You could say that Jeff Bezos is a very down-to-earth guy. The CEO and founder of Amazon.com, and now the owner of The Washington Post, makes great small talk about hair (or his lack thereof), the weather and jokes about the audio guy's being named Mike.
But once you start asking one of America's most noted entrepreneurs and richest men questions, you realize he's reaching for the stars. Quite literally.
Bezos, 49, answers questions about his vision for the company, the future of the technology industry and his investments without even a pause. He carefully explains why he has made certain business and technology choices, without making bold or airy statements as many technology executives are prone to do.
He explains complex ideas and plans in a basic and understandable way with a clear vision that it is all about moving forward and not standing still.
ABC News sat down with him earlier this week to learn more about the company's new Kindles, but also about his vision for technology, media and science. Below are some of the most interesting comments.
On the Washington Post
Bezos changed the book industry and it's clear he has now set his sights on doing the same for the newspaper industry.
When asked about his new $250 million investment and whether he was surprised by anything about his new company, he said he knew what he was getting into.
"I knew the quality of the people would be very high; I spent two days there," he said. "The business challenges in the newspaper industry have nothing to do with the quality of the people. These are big industry wide trends.
"What we need to do is always lean into the future."
"What we need to do is always lean into the future, when the world changes around you and when it changes against you -- what used to be a tail wind is now a head wind -- you have to lean into that and figure out what to do because complaining isn't a strategy."
Some of Amazon core business strategies and pillars can translate to the Post, Bezos said. "Customer centricity, willingness to invent, willingness to be patient, work together to allow companies to do things that they otherwise could never do. And I do think that could be applicable to a wide number of industries."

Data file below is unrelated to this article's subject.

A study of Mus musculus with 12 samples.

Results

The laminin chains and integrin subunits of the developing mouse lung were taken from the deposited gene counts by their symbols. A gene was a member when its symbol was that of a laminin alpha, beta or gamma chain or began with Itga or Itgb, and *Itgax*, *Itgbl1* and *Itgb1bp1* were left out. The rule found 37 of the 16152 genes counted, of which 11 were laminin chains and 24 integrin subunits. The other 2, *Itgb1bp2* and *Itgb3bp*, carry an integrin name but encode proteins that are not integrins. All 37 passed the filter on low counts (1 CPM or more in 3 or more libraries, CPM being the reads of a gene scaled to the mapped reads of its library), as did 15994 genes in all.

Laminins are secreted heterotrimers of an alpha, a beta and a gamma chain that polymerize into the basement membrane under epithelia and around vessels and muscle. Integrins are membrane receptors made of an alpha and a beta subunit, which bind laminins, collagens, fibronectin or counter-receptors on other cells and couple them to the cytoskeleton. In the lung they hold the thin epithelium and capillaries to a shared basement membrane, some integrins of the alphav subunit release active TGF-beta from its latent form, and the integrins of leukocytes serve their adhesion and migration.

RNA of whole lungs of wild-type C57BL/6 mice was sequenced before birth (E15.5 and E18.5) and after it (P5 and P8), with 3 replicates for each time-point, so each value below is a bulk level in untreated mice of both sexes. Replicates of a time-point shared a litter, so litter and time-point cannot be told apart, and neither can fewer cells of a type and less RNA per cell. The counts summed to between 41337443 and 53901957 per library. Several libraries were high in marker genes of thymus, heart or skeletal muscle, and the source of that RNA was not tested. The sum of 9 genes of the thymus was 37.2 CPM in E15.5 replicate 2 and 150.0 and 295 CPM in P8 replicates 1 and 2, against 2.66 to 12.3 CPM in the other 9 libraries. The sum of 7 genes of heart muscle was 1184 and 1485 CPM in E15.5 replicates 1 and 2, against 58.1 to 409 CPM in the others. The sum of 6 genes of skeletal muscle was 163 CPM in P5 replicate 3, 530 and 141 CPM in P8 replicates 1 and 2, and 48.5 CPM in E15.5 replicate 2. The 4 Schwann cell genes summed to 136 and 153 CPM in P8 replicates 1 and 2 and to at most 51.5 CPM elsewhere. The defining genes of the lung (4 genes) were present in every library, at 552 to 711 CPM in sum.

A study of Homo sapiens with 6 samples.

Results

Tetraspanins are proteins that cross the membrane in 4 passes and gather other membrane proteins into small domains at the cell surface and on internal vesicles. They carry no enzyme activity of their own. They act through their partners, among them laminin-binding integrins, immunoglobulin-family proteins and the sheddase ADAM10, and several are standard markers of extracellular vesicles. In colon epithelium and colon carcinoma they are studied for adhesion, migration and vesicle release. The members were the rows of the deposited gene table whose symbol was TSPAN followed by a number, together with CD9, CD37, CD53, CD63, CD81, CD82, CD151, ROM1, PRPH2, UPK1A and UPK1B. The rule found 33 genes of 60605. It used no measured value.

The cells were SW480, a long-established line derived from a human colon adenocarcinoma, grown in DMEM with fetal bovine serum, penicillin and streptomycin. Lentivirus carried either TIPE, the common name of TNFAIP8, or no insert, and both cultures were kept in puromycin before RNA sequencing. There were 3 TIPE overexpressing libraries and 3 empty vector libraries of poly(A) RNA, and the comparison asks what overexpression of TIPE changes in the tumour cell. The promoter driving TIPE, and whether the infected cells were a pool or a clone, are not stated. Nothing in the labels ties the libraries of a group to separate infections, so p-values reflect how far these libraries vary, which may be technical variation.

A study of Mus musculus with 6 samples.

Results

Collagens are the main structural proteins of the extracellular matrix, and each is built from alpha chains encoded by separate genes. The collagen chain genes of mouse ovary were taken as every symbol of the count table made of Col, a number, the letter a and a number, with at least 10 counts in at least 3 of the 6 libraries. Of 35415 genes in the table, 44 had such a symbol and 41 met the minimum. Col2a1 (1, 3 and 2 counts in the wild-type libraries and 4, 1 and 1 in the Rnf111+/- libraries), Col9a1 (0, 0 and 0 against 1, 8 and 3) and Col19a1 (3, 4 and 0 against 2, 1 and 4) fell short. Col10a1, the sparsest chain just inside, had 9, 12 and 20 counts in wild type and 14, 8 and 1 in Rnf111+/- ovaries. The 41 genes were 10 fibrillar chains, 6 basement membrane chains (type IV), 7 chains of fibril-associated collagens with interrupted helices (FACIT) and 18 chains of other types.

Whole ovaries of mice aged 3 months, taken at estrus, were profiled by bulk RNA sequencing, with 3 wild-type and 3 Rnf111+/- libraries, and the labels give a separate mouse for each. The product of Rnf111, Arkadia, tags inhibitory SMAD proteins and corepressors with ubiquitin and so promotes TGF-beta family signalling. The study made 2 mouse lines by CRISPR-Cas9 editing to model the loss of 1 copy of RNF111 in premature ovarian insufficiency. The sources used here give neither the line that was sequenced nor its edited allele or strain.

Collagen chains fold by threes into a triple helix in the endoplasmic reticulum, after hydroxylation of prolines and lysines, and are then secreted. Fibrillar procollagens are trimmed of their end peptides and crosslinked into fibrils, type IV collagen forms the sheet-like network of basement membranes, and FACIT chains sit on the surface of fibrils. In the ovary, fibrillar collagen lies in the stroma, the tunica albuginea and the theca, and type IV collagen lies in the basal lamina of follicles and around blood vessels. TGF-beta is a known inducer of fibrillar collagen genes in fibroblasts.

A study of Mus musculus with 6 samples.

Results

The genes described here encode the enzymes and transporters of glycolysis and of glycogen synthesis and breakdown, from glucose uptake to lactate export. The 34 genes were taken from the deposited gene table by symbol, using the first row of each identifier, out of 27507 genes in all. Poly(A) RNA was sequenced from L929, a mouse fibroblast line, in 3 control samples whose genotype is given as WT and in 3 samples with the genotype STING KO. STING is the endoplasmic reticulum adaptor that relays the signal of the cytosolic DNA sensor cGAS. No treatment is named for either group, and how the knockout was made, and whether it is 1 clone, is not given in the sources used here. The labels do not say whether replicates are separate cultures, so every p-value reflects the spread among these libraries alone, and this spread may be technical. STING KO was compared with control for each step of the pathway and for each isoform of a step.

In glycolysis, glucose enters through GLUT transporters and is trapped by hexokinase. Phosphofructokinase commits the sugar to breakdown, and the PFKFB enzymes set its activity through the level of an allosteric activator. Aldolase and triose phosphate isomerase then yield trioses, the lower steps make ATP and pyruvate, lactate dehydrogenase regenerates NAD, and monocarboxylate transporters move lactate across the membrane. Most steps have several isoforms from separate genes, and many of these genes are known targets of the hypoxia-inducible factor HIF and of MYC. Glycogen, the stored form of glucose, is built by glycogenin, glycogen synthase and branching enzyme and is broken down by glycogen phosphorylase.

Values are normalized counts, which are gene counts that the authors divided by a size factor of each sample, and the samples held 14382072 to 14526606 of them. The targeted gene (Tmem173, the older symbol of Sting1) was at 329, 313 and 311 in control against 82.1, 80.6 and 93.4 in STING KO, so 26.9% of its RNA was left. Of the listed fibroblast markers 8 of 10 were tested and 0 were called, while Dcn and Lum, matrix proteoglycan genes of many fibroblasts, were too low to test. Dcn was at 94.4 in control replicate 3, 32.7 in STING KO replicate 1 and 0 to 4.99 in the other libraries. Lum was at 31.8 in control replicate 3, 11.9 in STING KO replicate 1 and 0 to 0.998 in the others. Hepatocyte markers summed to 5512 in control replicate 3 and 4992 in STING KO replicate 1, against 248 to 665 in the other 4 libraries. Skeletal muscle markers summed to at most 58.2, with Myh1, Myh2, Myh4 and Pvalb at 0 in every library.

The connection between newspapers and BlackBerry isn't hard to see.
On the heels of BlackBerry's announcement that it will lay off 40 percent of its workforce and go private, Bezos talked about being "forever young."
"Forever young. If your customer base is aging with you, then eventually you are going to become obsolete or irrelevant," he said. "You need to be constantly figuring out who are your new customers and what are you doing to stay forever young."
"What are you doing to stay forever young."
And, yes, we asked Bezos about his plans to make an Amazon smartphone, which has been rumored for a long time. "We won't comment on future roadmap," he said, though hinting that any future Amazon product would have the same kind of synergy of services, software and hardware.
"Our basic approach lends itself to a lot of different things. We want to give people premium products at affordable price points, we want to pack a lot of hardware into those devices," he added. "One thing we do differently is we don't want to make money when we sell the device, we want to make money when people use the device."
Yes, Bezos is quite literally reaching for the stars.
Bezos explained that he has an investment in Blue Origin, a company that has plans to take tourists up to sub-orbital space. The engineers are in Seattle and the launch operations team is in West Texas, who are working on their third development vehicle.
"I can't wait to fly."
"Personally, I can't wait to fly," he said.
When asked when we are going, he said, "When do you want to go?"